It's the time of year when kids are outside more, which means they're more likely to come home exhausted and bug-bitten. You can deal with exhaustion by putting them to bed, but how can you deal with the itch and welts of bug bites? Keep reading for Circle of Moms members' best home remedies for bug-bite relief.
Last evening a vacationing Tori Spelling tweeted, "Liam helped me count my bug bites... 62 BITED in 3 days! NO JOKE! Guess these island bugs love some pregger skin!" Her tweet reminded me that I experienced something similar when I was expecting, and just hadn't mentioned it to anyone.
A quick search of the web proved that there is a link between the two. According to WebMD:
"Mosquitoes can smell their dinner from an impressive distance of up to 50 meters . . . This doesn't bode well for people who emit large quantities of carbon dioxide. 'Any type of carbon dioxide is attractive, even over a long distance,' [Joe] Conlon says. Larger people tend to give off more carbon dioxide, which is why mosquitoes typically prefer munching on adults to small children. Pregnant women are also at increased risk, as they produce a greater-than-normal amount of exhaled carbon dioxide. Movement and heat also attract mosquitoes."
Did you experience anything similar, and how did you treat them?
Mosquitoes love me. Aside from using repellent featuring DEET (the natural sprays don’t work for me at all), is there anything else I can do to make myself less attractive to hungry pests? I heard drinking white vinegar helps. Also, once bitten, what is the best way to calm down the itchy factor of the bites? I end up bruising myself from scratching so hard!
— Covered With Bites
I must admit, mosquitoes and bugs love me too! In fact, my husband says I must be made of "sweet meat" because bugs love to sink their teeth into me! I think this is a great question to discuss while it's still Summer, so read more
- Cover up, but dress lightly: It is best to wear light colored clothes like khaki or white since mosquitoes are attracted to dark and bright colors. Cover up as much as you can with lightweight long sleeves and long pants to make it more difficult for the bothersome pests to bite you.
- Sip water not beer: A recent French study found that mosquitoes preferred the taste of beer drinkers over folks sipping on water. Other forms of alcohol have yet to be studied, so drinking wine or spirits may also make you attractive to skeeters.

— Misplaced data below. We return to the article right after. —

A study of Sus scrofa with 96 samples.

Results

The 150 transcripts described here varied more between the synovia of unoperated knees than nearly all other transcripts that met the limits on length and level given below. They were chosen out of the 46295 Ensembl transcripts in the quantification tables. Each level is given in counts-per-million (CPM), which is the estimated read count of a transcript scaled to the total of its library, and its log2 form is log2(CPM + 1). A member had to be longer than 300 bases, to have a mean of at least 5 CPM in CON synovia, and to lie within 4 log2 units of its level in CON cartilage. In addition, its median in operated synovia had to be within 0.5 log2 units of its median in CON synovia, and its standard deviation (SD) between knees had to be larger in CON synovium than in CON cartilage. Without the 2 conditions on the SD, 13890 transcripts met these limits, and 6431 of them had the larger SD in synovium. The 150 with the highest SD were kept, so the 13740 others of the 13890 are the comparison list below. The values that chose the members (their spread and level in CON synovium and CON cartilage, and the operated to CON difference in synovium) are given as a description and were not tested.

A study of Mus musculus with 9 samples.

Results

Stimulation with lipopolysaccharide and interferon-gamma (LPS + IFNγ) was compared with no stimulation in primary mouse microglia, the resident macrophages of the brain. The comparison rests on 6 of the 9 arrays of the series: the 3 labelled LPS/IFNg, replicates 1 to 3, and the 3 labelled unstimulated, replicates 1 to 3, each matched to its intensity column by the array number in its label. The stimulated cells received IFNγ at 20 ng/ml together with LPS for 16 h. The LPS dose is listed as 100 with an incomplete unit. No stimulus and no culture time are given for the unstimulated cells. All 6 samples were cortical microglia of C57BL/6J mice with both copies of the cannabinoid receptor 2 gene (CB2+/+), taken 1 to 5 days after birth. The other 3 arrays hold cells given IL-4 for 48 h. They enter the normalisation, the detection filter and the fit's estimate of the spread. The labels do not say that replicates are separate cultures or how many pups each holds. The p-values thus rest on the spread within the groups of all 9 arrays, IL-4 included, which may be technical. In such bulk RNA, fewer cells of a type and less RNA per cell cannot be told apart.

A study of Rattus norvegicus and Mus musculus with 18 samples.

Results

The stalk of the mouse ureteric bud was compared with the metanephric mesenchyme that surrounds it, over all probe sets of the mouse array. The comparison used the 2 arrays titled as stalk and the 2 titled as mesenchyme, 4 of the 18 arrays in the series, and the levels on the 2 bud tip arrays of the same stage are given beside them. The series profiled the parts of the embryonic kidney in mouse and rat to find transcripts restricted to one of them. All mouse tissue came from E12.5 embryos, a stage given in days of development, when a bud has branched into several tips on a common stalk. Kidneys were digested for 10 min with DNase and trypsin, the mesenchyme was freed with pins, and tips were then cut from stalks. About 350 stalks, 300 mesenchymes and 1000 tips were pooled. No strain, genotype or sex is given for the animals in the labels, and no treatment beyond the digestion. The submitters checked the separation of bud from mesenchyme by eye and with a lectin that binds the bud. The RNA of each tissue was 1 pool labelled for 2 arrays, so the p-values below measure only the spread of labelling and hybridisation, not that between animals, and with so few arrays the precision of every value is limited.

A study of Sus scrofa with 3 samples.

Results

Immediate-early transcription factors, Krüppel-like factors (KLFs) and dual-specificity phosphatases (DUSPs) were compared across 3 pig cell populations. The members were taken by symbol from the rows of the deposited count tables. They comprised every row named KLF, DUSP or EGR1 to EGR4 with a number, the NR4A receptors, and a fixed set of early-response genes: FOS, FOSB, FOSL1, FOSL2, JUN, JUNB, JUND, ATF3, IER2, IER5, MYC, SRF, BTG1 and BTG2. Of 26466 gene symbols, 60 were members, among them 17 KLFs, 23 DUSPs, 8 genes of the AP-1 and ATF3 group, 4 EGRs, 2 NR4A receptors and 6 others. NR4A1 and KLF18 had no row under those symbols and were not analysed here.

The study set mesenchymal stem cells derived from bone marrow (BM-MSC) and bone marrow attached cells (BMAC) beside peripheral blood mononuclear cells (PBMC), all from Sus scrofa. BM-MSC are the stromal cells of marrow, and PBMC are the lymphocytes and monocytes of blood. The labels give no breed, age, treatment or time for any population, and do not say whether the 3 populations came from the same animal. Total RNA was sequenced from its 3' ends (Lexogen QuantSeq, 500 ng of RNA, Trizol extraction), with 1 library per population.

- Skip the perfume: Mosquitoes also dine on flower nectar so you don't want to smell like a floral garden. Skip the perfume spritz before heading out in the evening. You might want to check your clothing detergent; it could be making your clothes smell like blossoms.
- Exercise in the morning: Lactic acid, a byproduct of working out, attracts mosquitoes, as do perspiration and body heat. Work out earlier in the day, preferably the morning, to avoid baking in the heat and to decrease the bugs ability to find you in a crowd.
It's one thing to say you'll try any sort of food, but another entirely to truly follow through on your promise. That's why, right before an eight-course gourmet bug tasting this week, I started bugging out over it. If I screamed when I saw insects in my apartment, how was I going to bring myself to eat them?
The one-of-a-kind dinner was organized by the Stanford Club of San Francisco, and featured everything from grasshoppers to dung beetles. Read on to find out how I fared throughout the meal.
You're asking and I'm answering . . .
"Hey Fit. I've noticed that mosquitoes are really attracted to me. If I go hiking with my friends, they'll walk out of the woods itch free and I'll wind up with at least 10 mosquito bites. I just assumed I had sweet blood, but there's got to be something more. Any ideas?"
Spring is the season of the birds and the bees, and unfortunately bee stings are a part of the season.
According to the Mayo Clinic the range of reactions to the venom of a sting is variable depending on how sensitive you are, but that only a small percentage of folks experience severe (read: anaphylaxis) response to stings and bug bites in general. Most of us experience itching, a stinging sensation and mild swelling that disappears after a day or two. Occasionally, there is a delayed response to a sting or bite that includes: fever, hives, painful joints and swollen glands.
First thing you want to do if you are stung is scrape off the stinger with the flat edge of a credit card or the back of a knife. If you pull the stinger you risk the chance of releasing more of the icky venom, and you don't want to do that.
Next, you want to calm the swelling with ice, this will help with the pain too. Applying 1% hydrocortisone cream or calamine lotion will help the symptoms subside. The home remedy of baking soda paste has always worked for me. Mix 3 teaspoons of baking soda with 1 teaspoon water and apply directly to the sting multiple times a day until the symptoms subside.
If you experience a severe reaction including facial swelling, difficulty breathing and shock call 911 or go to the nearest emergency room.
Don't forget to stop and smell the roses this spring, but check for bees first.